A Good Day After A Rough Start - The HuntingPA.com Outdoor Community

I've been waiting for the first day squirrel season, my favorite hunting. I'm 72 and I think I've only missed around 7 opening mornings' weeks from 8 or 9 years old and only a couple season thanks to my government job. Hit the woods after the rain and squirrels everywhere. Using the Remington Matchmaker with a scope. Couldn't hit a bull in the backside, much less a squirrel. Quick trip to the range proved it wasn't my abilables. Scope was off two inches right and one inch low. How in the heck can that happen from the time it is a tack driver in the summer, cleaned, stored in a safe, no one touching it until opening morning? Then things changed, love the thud sound from a tree top. I hunt a hickory grove that is maybe five acres with den trees. Again as was last year most all late young very small squirrels. Dumb little things, a tree would have four to five squirrels eating, jumping and playing. When I would walk to another spot, there would be squirrel playing like kittens playing. Ones that were eating on the ground would move off a little ways and go right back to eating, like I wasn't there! BUT, the older ones, they would high tail it and not stop. Had to work at it to collect three chunky ones. What a beautiful day! All Glory to God!


Sounds yummy Nanook!! I just quarter and salt & pepper flour and fry in iron skillet.




Started with a 410 single shot as that was the only gun we had, however, dad came home with a 22 semi auto which was legal in IN and when I was 14 I bought an Ithaca single shot lever action with iron sights and switched to 22 shot hollow points which it shot very well. The shorts do not make the loud long rifle bullet crack scaring the other squirrels eating hickory nuts into jumping out tree and makes a thud sound of the hollow point letting you know it is a good hit.

The limit was 5 and I was able to get my limit off from single hickory tree(s) with the single shot rifle numerous times as I hunted every day of the season except Sunday which was Illegal in IN at that time. I could even hunt before and after school.

My dad told to pick out some of the best producing hickory trees and hit them often so the squirrels would not be able to eat all the nuts and move to other trees meaning I would have to cover more ground looking for them. This worked well on my before and after school hunts as my time was limited as I had daily chores also and also looking back I think that was part of dad's plan to have short productive hunts and plenty of chore time. Dad said as long as you can keep nuts on the select tree squirrels will find them and keep coming to them until all the nuts are gone.

Things I learned when I was able to slip up under a hickory with several squirrels....By hunting the same trees repeatedly I knew the best spot for each tree to slip to where I had the best view of each tree exposing the prey from being hidden by lower and upper limbs leaves etc........Usually when there are a few squirrels working one hickory there is one grey located on one of the lower limbs and that is the one most lackey one to see the hunter first and ruin the chances, also by shooting the lowest on the tree it does not fall through all the limbs past the other squirrels, making aloud thud on the ground and causing the other squirrels to flee.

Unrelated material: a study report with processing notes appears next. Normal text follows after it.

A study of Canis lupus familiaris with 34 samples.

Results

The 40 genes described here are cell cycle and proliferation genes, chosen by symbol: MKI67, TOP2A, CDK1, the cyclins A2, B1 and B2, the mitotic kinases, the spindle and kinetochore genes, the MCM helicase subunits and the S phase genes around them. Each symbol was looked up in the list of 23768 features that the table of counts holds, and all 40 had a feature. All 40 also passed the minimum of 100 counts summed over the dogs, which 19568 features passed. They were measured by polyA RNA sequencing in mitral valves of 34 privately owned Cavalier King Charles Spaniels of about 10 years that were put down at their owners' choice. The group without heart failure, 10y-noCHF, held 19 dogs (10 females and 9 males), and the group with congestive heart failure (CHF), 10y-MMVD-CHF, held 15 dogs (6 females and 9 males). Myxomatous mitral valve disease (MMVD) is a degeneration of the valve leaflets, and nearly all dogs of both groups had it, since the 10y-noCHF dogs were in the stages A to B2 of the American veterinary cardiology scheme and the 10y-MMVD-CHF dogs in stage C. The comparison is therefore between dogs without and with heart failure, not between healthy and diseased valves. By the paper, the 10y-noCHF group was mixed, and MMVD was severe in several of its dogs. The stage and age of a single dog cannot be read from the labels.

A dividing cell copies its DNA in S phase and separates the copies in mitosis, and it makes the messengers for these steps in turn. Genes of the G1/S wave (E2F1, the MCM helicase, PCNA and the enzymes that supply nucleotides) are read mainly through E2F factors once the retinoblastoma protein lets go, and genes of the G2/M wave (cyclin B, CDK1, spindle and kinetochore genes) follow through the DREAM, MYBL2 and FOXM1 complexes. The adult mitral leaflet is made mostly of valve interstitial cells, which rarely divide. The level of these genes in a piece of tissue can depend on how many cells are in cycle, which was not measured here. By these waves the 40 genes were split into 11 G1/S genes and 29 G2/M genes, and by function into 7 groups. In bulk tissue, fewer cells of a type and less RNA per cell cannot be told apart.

Shoot one, do not go to it but verify it is not going to run off and the location on the ground, even if you have another shot at the second squirrel wait until the squirrels have calmed and start back cutting again, then pick out another low squirrel and take it, on and on until you have the limit or all the squirrels on that tree. If you shoot before the squirrels have calmed back down and are back to cutting the changes are much greater they will hide, jump out or worse run to the ground and flee.

If there is a hollow tree within an escape with one or two jumps I have had good luck positing myself on the side of the escape route as sometimes they will stop or slow down on the way to the hollow tree and they are coming toward you rather than away.

If you arrive to a hickory at daylight with a squirrel is already feeding wait for a while as it is not going to leave until it is full and the other near by squirrels will hear the cuttings falling and limbs shaking and more will come in, count them as they come in so you know how many are on the tree in case the last one hides you will know he is there. You can set and wait for them to come out 15-30 minutes usually. I have learned to bark like a squirrel and after a 10-15 minute wait they will often show themselves to see where the barking is coming from usually allowing a still shot.

Squirrel barking also works well to keep a barking squirrel barking allowing one to slip in on the squirrel and see its location. Also look for the movement of the squirrels tail as they bark. I had a string of 26 squirrels during high school by using this method and all were female except 4 males??

I still get excited like a kid when I go one of those type squirrel hunts. ENJOY.